Kampot province dam will help with power problem

CAMBODIA faces a shortage of electricity, but a hydropower project in Kampot province could help alleviate these concerns when it comes fully on line later this year, according to business people.

Construction of the Kamchay Hydropower Plant had largely wrapped up but work was  continuing on connecting the project to the Electricitie Du Cambodge-run national grid,  Kim Sovan, a representative of the Sinohydro Kamchay Hydroelectric Company said.

“We have already completed our project here, and we will start our operations by  December of this year,” Kim Sovan  said yesterday.

The US$280 million project, consisting of three separate hydropower plants, is being built by the Sinohydro Kamchay Hydroelectric Company on the Kamchay River.

The project will be able to generate about 194 megawatts of electricity a year once it comes on line.

The first phase of the project, completed in 2009, is producing about 10 megawatts of electricity a year.

Business leaders yesterday expressed their support for increased domestic electricity generation, saying it would reduce the cost of doing business in Cambodia.

“Of course we appreciate receiving more supply. We still have a shortage of power for production,” Garments Manufacturers Association in Cambodia secretary-general Ken Loo said.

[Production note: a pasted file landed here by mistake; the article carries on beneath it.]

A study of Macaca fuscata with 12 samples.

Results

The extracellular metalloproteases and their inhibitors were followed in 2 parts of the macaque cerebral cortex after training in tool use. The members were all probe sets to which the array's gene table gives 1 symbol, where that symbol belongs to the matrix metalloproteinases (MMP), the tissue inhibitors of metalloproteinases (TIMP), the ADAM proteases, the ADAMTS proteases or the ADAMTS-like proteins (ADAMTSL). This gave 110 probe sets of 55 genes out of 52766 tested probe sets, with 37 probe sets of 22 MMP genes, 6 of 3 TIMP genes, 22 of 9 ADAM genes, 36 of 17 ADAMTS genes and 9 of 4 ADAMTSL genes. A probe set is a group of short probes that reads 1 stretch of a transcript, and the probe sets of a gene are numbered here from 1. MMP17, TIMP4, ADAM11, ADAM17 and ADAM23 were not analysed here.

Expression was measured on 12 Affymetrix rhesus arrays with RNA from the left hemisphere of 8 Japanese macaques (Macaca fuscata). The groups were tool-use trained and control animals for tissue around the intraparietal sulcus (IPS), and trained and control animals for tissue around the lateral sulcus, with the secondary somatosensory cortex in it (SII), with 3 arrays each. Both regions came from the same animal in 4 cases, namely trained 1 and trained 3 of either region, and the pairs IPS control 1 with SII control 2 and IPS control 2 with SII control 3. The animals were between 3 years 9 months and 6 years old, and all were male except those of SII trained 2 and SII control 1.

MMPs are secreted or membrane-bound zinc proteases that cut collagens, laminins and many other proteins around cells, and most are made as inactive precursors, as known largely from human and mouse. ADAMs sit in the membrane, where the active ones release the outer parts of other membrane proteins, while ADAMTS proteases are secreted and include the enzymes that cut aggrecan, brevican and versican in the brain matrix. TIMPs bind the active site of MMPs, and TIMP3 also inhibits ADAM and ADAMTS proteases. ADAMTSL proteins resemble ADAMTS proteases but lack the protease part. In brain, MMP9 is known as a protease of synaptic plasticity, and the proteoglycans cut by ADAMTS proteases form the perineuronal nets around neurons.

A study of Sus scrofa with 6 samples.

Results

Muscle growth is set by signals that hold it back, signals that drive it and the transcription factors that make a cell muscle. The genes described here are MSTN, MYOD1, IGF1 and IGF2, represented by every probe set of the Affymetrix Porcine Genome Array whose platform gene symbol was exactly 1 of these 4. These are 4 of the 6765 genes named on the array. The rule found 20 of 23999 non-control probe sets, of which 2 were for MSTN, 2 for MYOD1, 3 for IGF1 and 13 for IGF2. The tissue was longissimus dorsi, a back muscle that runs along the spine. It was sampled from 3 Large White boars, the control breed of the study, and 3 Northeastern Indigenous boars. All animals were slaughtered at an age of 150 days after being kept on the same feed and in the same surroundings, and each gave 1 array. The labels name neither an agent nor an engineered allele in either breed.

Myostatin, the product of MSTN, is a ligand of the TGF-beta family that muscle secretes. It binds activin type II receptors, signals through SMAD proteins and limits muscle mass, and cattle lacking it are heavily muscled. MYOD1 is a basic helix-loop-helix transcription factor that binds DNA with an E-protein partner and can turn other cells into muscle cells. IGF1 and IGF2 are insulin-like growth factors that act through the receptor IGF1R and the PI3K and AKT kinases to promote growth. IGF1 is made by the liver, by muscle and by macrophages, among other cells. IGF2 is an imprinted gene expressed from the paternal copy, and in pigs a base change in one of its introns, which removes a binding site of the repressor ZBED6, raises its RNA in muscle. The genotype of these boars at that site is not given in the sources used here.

“We see that the power supply situation is much improved on before, but now it is not at 100 per cent.”

Electricity generation is a major concern for the garment industry at present.

Ken Loo said Cambodia’s garment factories faced higher electricity costs than those in neighbouring countries.

This translated to higher operational costs. Insufficient power in much of the country also meant factories were generally located in Phnom Penh.

“Every factory has its own generator, but they don’t want to use them because of the  cost,” he said. “They need more power from the state.”

Cambodia Chamber of Commerce director-general Nguon Menh Tech said increasing the availability of electricity would lead to increased investment.

“It could help us attract more investment, because the lack of electricity supply is a main concern,” he said.

Commerce Minister  Cham Prasidh told  The Post last week that electricity generation was a handicap compared to neighbouring countries, but would be solved as more projects came on line.

“I believe that in less than five years, everything will be almost on par [with Cambodia’s neighbours]. That means we will  no longer be under a handicap compared with our neighbours,” he said.

Ith Praing, Secretary of State of Ministry of Mine and Energy, could not be reached for comment yesterday.